We parked the car at the foot of the hills. As soon as we stepped out, a flock of finches flew out of the rosemary bushes and disappeared into the evergreen pear trees. Within moments they reappeared and alighted on the bushes, giving us a view of their yellow breasts and reddish heads and charming us with their playfulness. Against the backdrop of the green hills, they represented the stirring life of spring.
We took to the long and winding trail, savoring each step in the wilderness. The sun peeked from behind the clouds and a misty rain fell as well, but soon it was clear and a light breeze blew, rippling the grass in the meadow. The trail was lined with miner's lettuce, monkey flowers and thistles. Coastal oaks sprouting fresh leaves and laurel and olive trees spread their seductive shadows away from the trail.
Just ahead, we saw a group of wild turkeys meandering along the trail. As we approached, they vanished into the thickets. An eagle, then another and yet another, flew over the trees into the open sky, drifting laterally and then circling and drifting again.
When we came to the familiar opening, we saw the two oak trees within whose encircling leaves we had stood so many times before, listening to the birds. Today, we just looked at them and felt their presence suffuse us. They had grown even more beautiful in all the months that we did not visit but we told ourselves they were glad to see us too. A jay perched on a fallen laurel looked down at the sloping meadow that merged into another trail by which the creek flowed. We moved on.
The wind had picked up speed and the tall grasses rippled with conviction. Wildflowers were everywhere, sorrels and lupines and clovers and a few we didn't know the names of. At one point we stopped to marvel at the grace of the green hills resting against a calm sky. From the undergrowth came bird songs of infinite variety, pure music of earth and sky.
We had never hiked this far up the trail, always resting at the eucalyptus grove from which we could see the valley and the city stretching away in all directions. But we were determined to reach the summit of the skyway trail today. We should have brought some water but the air was cool and the thirst did not pose any challenge. Besides, the creek was not far away, if it came to that ...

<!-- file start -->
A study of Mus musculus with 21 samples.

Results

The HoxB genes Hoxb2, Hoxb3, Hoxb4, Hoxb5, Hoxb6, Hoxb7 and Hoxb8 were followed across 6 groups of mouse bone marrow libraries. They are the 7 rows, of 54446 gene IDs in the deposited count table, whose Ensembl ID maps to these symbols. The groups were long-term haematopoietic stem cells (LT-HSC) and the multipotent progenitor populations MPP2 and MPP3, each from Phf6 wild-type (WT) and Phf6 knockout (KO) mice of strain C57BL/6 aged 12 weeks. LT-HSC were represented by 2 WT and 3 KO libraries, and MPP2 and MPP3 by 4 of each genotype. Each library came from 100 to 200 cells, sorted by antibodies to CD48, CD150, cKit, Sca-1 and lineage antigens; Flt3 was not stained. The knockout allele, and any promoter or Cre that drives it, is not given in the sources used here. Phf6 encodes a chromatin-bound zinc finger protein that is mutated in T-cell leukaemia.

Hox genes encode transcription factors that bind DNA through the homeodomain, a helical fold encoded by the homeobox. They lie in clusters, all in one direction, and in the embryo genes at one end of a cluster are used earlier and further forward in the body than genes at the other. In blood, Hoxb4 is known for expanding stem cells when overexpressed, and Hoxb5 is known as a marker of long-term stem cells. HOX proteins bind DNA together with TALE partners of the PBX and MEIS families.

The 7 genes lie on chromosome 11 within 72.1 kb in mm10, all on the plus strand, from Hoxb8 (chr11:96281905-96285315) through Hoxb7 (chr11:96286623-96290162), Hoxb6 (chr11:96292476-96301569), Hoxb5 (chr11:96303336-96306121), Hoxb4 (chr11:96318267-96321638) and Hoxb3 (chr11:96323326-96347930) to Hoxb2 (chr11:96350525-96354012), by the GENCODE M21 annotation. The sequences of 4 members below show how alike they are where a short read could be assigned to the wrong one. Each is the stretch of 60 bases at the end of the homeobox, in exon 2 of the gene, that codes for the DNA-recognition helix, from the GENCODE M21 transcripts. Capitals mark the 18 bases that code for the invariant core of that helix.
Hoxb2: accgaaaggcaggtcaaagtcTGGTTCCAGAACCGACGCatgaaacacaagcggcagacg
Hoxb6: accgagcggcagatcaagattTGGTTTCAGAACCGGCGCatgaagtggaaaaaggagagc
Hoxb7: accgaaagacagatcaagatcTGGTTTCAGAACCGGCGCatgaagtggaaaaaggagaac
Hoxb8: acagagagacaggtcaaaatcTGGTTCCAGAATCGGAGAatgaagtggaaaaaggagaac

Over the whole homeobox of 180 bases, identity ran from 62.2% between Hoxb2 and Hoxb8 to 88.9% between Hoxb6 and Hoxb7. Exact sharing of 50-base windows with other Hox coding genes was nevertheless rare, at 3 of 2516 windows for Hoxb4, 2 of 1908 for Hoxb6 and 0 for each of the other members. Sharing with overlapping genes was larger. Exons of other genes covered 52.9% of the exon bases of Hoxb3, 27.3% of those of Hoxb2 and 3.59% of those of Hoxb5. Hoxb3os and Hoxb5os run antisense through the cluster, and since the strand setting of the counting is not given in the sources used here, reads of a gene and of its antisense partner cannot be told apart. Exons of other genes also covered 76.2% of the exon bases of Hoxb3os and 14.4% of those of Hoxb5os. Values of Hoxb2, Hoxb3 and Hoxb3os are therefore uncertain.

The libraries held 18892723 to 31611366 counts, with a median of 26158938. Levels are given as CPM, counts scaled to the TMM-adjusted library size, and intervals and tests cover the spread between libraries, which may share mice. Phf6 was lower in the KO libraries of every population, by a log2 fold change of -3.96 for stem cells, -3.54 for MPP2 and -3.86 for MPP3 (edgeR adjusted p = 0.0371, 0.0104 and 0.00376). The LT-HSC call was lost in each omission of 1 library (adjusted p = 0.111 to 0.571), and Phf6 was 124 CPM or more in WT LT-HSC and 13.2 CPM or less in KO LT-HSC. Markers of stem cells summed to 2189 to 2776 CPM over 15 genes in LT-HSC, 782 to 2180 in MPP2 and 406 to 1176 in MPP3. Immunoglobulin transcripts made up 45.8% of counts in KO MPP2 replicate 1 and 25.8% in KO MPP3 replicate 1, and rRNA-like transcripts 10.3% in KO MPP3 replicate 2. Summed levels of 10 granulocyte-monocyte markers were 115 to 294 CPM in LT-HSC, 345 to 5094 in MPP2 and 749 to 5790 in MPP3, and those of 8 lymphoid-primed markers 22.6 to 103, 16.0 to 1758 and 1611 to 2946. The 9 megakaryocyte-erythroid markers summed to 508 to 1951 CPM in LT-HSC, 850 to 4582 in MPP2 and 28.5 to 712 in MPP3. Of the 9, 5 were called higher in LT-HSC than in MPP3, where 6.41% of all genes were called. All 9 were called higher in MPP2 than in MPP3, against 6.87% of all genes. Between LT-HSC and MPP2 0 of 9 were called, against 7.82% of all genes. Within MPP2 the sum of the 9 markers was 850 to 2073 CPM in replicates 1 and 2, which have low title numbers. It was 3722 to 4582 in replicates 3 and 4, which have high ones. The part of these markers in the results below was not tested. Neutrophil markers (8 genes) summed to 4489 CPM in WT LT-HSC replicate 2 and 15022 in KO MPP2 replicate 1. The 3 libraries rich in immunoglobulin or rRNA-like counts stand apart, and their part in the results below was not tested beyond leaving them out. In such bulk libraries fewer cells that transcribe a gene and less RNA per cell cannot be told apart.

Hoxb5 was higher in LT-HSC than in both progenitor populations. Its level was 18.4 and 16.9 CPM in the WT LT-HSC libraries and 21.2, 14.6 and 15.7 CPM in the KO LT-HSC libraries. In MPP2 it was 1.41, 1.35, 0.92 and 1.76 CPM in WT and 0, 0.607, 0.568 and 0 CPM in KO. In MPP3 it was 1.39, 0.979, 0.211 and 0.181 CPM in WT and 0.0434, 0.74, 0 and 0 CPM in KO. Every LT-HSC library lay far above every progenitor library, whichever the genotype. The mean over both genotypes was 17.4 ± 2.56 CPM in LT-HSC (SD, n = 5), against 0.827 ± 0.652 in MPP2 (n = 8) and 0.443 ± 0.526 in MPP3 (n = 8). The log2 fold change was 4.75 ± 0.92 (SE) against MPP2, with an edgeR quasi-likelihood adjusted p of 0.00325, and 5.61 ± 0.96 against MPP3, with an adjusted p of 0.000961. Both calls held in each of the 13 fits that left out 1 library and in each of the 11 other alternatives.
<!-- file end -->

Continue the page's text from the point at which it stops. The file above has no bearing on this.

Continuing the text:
We flushed a flock of doves from the underbrush, feeling guilty and thrilled at the same time. Finches, sparrows, jays kept up their twitter nonstop. There had been warnings of wild animal sightings, particularly mountain lions, but the fear only added to our adventure. We came in peace for mankind; that's what we would tell the wild animal were we to encounter one .Surely it would understand and leave us alone.
We were now approaching the end of the trail and soon enough we were there, tired and sweating but also exhilarated.
Along with the regular wildflowers, we were surprised to find many daffodils, tossing and turning just as the famous English poet had come upon them long ago and immortalized them in the poem that we had memorized in our childhood. Must be due to pollination. We didn't see why anyone would plant daffodils here. But then, there is no dearth of lovable eccentrics in this part of the world.
We sat on the worn bench and took in the view. After a while, huge bees began to buzz us, the air thick with them. We had trespassed into their territory. A dove cooed and a jay shrieked. But we had seen what we wanted to see and began tracing our way back.
Near the end of the trail, we met two elderly couples tending to their vegetable patches.
"What are you growing?"
"Oh, just some cucumbers, tomatoes, radishes, squash, peppers and mint."
"Wow, that will cut down on your grocery bill!"
Laughter all around.
The finchess were still there. This time, they stayed in the rosemary bushes, frolicking and singing with abandon.